The kids and I have been working our way through WinterPromise’s American Story 2 program. Well, more accurately, we’ve been working our way through the awesome booklist without actually owning the guide/schedule. I thought about buying the guide at the beginning of the year, but that was the only thing I wanted from them, and shipping for that one item was, like, $15! So I decided I could put the books in chronological order myself and obtain supplemental resources online and from the library as needed. We don’t have a huge homeschool budget, and I would much rather use our resources to buy “real” books than spend $95 ($80 for the guide and $15 to ship it) on a guide that I might not get much use out of, anyway. I did buy the guide when we were doing American Story 1, but I definitely don’t feel that it was worth the price. Mostly, I just glanced at it occasionally to see which new books were coming up.
So far this year, we have made it from the Civil War period to right around the year 1900. Currently, we’re reading about the Klondike/Yukon/Alaskan Gold Rush, which is really an interesting subject that is somewhat near and dear to my heart, as I did a big school research project on it when I was in eighth grade (including writing and illustrating a fictional short story). Also, I used to really love playing a computer game called The Yukon Trail, created by the same company (MECC) that made The Oregon Trail game. I was able to find The Yukon Trail game for my kids, and they are now enjoying playing it as well, and I love that it is enhancing their studies.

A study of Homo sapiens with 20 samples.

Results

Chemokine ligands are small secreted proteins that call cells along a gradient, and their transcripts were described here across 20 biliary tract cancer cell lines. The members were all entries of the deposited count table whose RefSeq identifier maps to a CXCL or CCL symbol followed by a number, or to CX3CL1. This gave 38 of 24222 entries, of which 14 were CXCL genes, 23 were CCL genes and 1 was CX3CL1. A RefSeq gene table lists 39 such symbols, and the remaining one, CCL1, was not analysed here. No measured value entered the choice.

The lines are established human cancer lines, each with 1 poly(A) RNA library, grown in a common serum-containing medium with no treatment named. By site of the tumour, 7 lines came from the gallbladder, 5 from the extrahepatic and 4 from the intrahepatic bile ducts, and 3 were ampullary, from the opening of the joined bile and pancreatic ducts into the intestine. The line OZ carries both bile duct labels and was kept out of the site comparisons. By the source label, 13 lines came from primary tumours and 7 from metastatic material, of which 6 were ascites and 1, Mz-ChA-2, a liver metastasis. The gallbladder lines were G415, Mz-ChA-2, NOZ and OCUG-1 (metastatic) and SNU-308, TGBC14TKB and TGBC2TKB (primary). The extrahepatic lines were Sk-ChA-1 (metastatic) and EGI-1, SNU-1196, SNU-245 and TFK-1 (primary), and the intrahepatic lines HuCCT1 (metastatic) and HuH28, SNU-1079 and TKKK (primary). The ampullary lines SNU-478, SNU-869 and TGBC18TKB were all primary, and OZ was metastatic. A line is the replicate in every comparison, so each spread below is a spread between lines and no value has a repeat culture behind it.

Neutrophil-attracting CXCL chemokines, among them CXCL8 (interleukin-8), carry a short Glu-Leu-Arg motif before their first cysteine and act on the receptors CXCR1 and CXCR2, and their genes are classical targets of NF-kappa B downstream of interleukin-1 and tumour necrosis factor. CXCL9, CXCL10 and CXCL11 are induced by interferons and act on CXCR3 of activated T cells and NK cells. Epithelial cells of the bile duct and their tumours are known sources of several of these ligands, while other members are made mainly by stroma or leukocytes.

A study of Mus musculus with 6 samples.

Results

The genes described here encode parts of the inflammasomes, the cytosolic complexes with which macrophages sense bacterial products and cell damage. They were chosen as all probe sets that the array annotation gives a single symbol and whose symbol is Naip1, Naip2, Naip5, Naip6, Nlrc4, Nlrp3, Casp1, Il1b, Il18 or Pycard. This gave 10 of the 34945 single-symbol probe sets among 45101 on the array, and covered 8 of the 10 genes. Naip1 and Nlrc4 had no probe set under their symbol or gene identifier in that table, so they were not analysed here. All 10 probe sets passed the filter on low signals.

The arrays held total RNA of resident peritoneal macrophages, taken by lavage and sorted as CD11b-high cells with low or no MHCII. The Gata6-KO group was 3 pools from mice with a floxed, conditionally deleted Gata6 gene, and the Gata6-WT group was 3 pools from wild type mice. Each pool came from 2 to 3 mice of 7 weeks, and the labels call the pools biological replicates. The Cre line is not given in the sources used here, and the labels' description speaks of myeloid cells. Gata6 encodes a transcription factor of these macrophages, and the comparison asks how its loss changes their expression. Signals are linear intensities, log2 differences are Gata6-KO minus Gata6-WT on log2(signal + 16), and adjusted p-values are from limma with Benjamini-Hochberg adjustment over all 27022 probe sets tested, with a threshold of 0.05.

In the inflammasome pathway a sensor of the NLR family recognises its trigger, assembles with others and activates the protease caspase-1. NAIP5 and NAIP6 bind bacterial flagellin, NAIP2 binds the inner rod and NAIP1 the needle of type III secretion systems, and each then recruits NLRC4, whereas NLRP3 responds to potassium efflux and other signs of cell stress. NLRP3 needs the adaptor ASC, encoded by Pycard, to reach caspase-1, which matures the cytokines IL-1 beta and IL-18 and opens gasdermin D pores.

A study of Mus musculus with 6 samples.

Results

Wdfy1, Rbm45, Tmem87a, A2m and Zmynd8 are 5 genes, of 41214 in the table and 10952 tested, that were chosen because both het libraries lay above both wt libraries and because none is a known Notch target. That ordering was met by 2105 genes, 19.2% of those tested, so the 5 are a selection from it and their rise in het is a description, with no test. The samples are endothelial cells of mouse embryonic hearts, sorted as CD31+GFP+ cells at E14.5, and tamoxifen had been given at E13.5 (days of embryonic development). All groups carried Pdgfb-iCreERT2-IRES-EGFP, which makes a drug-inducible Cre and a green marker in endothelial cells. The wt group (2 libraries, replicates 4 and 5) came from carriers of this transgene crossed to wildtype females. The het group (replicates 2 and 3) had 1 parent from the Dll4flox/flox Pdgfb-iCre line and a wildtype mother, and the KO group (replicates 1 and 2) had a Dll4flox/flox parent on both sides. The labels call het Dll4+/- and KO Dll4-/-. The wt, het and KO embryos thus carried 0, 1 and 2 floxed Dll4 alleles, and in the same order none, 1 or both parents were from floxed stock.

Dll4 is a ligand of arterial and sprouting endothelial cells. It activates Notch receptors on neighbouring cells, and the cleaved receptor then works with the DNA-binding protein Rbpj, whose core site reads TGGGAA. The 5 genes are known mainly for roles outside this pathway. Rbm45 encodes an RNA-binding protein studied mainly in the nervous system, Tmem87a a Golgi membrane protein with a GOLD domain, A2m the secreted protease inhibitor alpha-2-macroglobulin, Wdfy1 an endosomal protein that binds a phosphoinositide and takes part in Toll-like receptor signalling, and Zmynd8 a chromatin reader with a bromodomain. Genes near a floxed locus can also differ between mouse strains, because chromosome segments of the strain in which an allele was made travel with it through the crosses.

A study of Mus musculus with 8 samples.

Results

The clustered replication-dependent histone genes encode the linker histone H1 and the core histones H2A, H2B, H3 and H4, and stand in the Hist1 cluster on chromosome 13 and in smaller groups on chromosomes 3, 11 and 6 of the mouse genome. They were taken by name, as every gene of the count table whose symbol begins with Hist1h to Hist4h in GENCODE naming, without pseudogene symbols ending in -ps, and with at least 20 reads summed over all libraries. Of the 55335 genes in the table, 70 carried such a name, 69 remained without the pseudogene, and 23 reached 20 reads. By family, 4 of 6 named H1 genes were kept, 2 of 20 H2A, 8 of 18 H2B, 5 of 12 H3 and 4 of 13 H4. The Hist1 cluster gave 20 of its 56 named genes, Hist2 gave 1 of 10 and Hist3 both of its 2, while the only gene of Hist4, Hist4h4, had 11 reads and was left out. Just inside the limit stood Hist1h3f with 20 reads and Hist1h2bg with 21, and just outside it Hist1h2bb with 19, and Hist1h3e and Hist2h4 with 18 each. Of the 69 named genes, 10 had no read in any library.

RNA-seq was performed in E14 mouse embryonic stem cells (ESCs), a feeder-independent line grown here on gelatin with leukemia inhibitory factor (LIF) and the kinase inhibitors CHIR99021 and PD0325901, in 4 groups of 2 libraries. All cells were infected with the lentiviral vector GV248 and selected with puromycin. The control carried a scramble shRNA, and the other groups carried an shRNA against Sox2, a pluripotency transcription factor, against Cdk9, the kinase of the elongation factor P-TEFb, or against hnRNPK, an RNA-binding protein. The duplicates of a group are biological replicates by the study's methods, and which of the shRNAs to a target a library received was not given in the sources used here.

It occurred to me, today, though, that we are approaching the World War era, and I just don’t think my kids, at ages 6 and 8, are ready to learn about the harsh realities and tragedies of modern warfare. Besides, there really are not many good books (like, pretty close to zero, it seems) for young children about World War 1. Even the WW1 book WinterPromise includes in this program is not written at an elementary level at all (I skimmed it this morning and realized it would bore the kids to tears). So I think my new plan is to finish up the program books about the Klondike Gold Rush, immigration, and inventions, and then save the war stuff for a while, maybe inserting our leftover books into a more advanced American history course in a few years.
Maybe when we’re done with our history studies this year, I’ll actually get around to doing the Apologia Botany course that I’ve been avoiding (ugh…experiments! I even have a ready-made experiment kit, so I really have no excuse). Actually, doing the course in spring and summer makes a lot of sense, due to nicer weather and more growing things to observe.